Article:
Training older dogs keeps the mind young


Updated Jul 27, 2020

The other day I was in the office supply store and found my heart racing. I looked at the pens and pencils, the notebooks and back packs that line the aisles this time of year, and all I could think about was how great it would be to go back to school.

This is not something most adults think about, let alone wish for, but I love learning and am always ready to sign up to learn something new.

I am not too old to learn new things, and either is your adult dog. If I can learn how to text with my thumbs — a skill that didn’t come naturally to me like it did with kids when smartphones were first introduced — then your dog can learn a new skill or behavior, too.

You may doubt me. You may think it’s tough to teach an old dog new tricks. You may think once a dog is a year old, he or she is hard to train.

You are not alone. The old adage, “you can’t teach an old dog new tricks” is so engrained in our culture, it actually prevents some people from adopting older dogs at the shelter. “I want a dog I can train,” potential adopters often say.

But dogs, like people, can be trained at any age; you can and should teach them new things. It not only makes them better behaved, it makes them smarter.
And while it’s fun to train a puppy and shape his or her behavior from a young age, adult dogs are more than capable of learning new things because they are more mature and attentive. In fact, they can often learn a new skill in less time than a puppy.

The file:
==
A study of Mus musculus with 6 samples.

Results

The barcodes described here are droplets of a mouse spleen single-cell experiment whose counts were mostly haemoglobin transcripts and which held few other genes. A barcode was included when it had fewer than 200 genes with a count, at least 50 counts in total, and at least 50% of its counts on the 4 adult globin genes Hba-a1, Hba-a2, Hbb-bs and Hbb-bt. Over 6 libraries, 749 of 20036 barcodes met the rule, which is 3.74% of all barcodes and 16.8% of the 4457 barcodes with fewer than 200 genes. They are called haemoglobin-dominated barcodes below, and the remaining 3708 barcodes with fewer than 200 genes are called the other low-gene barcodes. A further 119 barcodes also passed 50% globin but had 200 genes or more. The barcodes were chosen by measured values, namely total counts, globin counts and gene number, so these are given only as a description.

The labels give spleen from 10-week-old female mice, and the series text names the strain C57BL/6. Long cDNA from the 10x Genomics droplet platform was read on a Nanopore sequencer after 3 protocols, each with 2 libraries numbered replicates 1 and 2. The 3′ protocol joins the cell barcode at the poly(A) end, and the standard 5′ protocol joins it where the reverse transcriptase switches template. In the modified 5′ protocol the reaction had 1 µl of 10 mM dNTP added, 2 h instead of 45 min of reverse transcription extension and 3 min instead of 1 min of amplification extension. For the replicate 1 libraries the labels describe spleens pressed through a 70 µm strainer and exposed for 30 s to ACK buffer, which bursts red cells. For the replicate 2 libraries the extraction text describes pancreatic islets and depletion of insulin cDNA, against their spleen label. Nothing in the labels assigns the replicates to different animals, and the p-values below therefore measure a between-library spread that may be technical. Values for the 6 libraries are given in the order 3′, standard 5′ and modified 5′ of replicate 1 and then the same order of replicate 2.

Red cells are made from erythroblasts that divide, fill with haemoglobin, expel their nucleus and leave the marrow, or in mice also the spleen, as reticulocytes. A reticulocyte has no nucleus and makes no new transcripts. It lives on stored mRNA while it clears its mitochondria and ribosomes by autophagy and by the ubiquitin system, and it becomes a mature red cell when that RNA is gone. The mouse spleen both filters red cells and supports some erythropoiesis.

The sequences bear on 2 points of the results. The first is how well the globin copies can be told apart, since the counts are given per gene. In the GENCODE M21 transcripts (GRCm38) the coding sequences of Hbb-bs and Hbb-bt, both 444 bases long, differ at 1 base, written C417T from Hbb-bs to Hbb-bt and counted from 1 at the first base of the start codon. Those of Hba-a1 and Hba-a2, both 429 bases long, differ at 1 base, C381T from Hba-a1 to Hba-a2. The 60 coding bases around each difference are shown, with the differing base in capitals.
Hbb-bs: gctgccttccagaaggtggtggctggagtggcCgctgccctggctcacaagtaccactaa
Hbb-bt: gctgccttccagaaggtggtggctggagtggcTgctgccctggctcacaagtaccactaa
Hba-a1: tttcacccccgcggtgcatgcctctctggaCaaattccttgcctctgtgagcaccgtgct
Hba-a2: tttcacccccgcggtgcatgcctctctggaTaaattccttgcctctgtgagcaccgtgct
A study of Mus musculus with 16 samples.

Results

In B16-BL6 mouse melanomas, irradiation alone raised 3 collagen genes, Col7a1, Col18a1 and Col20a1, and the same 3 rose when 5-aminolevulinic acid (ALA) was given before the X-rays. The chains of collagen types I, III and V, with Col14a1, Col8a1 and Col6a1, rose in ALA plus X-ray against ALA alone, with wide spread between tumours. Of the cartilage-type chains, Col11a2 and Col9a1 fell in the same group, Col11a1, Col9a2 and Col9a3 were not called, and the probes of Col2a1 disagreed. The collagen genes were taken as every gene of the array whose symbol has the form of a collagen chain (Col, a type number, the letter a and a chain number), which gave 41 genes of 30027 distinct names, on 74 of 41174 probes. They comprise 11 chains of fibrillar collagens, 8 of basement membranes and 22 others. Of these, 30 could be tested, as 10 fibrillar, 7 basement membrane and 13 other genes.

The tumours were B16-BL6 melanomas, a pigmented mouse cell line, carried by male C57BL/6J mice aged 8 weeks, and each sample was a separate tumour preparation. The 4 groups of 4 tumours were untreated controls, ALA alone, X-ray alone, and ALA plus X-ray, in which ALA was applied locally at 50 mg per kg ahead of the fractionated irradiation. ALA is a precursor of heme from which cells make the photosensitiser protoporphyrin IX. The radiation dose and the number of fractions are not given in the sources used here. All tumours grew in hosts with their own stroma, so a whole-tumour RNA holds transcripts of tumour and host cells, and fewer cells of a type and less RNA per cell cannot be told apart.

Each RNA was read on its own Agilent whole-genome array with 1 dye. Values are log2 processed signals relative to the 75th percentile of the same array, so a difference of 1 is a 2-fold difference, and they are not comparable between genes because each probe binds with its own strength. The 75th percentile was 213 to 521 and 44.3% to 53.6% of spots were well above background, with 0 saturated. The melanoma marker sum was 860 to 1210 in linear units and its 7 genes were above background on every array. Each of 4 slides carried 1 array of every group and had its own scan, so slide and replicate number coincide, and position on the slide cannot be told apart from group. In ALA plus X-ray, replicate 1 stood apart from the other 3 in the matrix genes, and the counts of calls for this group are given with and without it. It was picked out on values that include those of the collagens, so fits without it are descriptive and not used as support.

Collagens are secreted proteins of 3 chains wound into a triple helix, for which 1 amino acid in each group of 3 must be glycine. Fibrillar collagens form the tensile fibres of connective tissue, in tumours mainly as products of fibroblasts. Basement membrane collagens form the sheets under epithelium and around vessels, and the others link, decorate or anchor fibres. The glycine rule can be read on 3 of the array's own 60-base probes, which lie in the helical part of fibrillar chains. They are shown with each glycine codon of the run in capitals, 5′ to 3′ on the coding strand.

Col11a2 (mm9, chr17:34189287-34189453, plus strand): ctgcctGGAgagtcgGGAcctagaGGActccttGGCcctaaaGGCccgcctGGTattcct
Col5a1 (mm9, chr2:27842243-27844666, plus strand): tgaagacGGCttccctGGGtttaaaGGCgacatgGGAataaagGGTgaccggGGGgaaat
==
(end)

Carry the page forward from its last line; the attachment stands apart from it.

What if they have developed bad habits, you say? Simply teach them a new behavior to replace the old behavior.

Does your dog jump on guests? Teach or reinforce the “sit” command. Does your dog bark at passersby at the window? Reinforce the recall or “here” command, so he comes when called.

Recently, I had to start training my dog again. New neighbors moved in next to us, and one of their large dogs likes to hit our shared fence. My dog responds by trying to dig under the fence to the other side. It gets ugly quickly.

I pulled out the clicker and began to reinforce my dog’s recall and stay commands to make him better behaved with the other dogs are outside. Of course, he is enjoying the learning because it involves treats.

So, when the kids go back to school, consider taking your dog back to school too, so the two of you can learn to work like a team again.

Animal Welfare Communications Specialist

Cathy brings more than 25 years' experience in the animal welfare field. She is a sought-after speaker, Certified Humane Education Specialist, a syndicated pet advice columnist, an author, a publisher, and of course - a loving pet parent.

Read more about Cathy here or check out her Non-Profit's page to see more ways she can help you and your organization.